Shakespeare scholars will know Costard as a clown in Love’s Labour’s Lost. I guess he was given that name because it was then a slang term for the head. Shakespeare puts the same word into the mouth of the First Murderer in Richard III when giving instructions for the disposal of the ill-fated George, Duke of Clarence: “Take him on the costard with the hilts of thy sword, and then chop him in the malmsey-butt in the next room”. George, brother of Richard III, is traditionally said to have been drowned in a butt of malmsey (a large barrel of a strong sweet wine from Madeira and other places); what must originally have been a sarcastic quip on the death of a drunkard has now become fixed in legend.
A costard was originally a native English apple, a large medieval variety that no longer exists. Nobody knows why it got that name, though there is a suspicion that it comes from an Old French word coste for a rib, as the costard was described as angular in shape with pronounced ridges.
The word was still around in both senses at the beginning of the nineteenth century. By then, though, it most commonly appeared in disguise in the name of sellers of fruit: costermongers, so called because they originally sold this type of apple, though by that date they sold all manner of fruit and vegetables and also fish. Even in such lowly occupations there was a hierarchy: a person who sold fruit from a basket was a mere hawker, but a costermonger had the dignity of a handcart or sometimes a cart pulled by a donkey. Costermongers had the reputation of being tough, hard-living, foul-spoken, often drunk, and always ready for a fight.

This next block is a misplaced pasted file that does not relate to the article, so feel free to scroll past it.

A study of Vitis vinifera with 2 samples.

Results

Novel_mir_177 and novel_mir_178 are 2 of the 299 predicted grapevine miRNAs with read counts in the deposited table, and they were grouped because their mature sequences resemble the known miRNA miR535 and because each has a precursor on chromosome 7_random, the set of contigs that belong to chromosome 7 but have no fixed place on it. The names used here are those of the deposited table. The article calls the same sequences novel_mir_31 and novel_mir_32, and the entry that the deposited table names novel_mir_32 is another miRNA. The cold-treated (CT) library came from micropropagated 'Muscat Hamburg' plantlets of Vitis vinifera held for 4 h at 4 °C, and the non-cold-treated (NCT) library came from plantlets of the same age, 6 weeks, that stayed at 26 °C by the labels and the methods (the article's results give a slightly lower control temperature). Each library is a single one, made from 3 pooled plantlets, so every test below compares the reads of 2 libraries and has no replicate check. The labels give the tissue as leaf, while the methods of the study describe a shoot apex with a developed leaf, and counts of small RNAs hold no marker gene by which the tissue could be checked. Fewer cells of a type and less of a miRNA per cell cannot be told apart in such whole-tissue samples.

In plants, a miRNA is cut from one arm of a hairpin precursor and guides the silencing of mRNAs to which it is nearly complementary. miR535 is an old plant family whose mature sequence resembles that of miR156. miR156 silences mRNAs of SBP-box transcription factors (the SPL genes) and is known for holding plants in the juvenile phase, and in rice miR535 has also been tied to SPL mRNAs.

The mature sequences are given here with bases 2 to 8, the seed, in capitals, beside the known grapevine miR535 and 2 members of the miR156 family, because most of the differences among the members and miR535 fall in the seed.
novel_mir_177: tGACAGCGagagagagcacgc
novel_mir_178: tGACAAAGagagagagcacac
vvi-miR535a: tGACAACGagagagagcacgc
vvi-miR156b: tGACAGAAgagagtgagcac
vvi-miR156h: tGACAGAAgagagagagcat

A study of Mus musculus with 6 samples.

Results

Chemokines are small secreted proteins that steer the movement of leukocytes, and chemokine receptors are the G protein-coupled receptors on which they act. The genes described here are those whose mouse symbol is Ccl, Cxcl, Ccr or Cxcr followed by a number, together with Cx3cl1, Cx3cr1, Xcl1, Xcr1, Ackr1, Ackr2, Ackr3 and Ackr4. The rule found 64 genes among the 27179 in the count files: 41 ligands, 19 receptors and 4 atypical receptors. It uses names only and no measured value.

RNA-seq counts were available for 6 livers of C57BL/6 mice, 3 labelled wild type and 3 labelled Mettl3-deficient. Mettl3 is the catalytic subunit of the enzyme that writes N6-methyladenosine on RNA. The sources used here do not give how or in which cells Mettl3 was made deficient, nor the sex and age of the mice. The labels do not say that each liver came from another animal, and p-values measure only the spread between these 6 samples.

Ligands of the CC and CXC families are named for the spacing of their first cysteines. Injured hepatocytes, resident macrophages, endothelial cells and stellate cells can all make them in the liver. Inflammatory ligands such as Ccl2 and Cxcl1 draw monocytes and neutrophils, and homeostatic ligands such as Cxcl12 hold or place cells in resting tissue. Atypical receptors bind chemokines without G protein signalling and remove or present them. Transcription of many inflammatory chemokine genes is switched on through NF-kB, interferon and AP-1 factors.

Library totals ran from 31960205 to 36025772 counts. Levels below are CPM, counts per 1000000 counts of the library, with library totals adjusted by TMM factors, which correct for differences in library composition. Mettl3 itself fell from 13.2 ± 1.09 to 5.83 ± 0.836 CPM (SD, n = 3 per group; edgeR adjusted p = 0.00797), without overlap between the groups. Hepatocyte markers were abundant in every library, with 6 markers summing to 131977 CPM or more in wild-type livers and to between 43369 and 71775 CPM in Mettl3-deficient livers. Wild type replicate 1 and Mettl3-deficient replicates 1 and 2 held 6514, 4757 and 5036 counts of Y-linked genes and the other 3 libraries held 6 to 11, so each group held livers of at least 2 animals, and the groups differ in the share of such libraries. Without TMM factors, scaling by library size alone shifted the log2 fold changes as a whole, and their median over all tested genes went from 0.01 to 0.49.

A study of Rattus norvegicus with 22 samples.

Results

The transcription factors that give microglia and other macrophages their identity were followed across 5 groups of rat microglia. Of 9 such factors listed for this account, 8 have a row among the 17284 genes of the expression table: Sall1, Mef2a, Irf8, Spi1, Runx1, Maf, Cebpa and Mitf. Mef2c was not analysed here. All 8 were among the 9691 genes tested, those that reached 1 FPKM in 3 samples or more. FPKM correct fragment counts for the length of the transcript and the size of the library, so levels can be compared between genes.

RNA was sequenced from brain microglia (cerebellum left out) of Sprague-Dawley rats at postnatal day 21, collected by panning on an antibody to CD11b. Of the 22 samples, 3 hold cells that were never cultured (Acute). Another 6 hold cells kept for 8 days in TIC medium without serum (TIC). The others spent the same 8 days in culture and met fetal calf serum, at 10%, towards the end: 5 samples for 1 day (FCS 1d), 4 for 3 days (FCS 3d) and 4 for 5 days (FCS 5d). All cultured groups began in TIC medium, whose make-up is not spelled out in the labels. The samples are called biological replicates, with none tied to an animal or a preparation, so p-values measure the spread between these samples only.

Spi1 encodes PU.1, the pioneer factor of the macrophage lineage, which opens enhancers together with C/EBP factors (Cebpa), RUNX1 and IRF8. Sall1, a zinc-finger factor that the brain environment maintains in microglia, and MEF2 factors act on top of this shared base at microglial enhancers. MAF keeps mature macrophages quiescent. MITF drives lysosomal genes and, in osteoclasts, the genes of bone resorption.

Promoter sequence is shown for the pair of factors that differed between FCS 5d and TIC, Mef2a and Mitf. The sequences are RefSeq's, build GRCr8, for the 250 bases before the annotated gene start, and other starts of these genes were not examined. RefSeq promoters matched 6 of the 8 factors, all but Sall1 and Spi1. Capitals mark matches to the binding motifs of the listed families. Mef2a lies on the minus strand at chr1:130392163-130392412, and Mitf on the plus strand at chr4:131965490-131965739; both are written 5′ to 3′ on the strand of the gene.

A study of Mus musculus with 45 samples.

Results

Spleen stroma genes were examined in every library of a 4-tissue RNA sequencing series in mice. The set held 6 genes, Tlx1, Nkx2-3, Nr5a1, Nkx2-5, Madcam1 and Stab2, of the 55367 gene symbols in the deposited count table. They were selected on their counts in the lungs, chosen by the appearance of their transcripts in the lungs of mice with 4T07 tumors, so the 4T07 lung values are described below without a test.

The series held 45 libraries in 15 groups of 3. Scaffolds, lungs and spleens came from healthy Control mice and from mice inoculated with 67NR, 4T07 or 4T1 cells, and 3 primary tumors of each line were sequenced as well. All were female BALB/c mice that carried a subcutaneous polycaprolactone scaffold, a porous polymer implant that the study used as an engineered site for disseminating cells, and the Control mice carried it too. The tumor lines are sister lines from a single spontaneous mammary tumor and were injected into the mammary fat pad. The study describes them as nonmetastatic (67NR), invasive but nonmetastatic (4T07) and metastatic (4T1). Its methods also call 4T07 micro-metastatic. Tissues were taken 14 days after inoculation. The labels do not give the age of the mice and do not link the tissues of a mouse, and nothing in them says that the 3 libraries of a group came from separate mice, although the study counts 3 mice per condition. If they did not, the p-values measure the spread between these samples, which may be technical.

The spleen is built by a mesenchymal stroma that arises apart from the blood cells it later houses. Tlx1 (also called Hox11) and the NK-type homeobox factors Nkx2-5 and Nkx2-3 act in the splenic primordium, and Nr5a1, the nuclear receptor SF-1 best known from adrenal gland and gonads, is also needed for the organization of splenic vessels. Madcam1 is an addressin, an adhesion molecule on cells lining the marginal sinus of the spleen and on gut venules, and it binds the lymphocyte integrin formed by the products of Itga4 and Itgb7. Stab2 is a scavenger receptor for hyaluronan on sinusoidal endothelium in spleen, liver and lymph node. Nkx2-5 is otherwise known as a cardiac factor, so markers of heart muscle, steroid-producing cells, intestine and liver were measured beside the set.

The word, by the way, has no connection with the West Indian fruit custard apple. Though the apparent similarity in name is striking, the word custard here has a different origin. It is said that the pulp of the fruit reminded Europeans in colour and consistency of a custard, and the fruit is roughly apple-sized; this was sufficient to create an entirely misleading English name.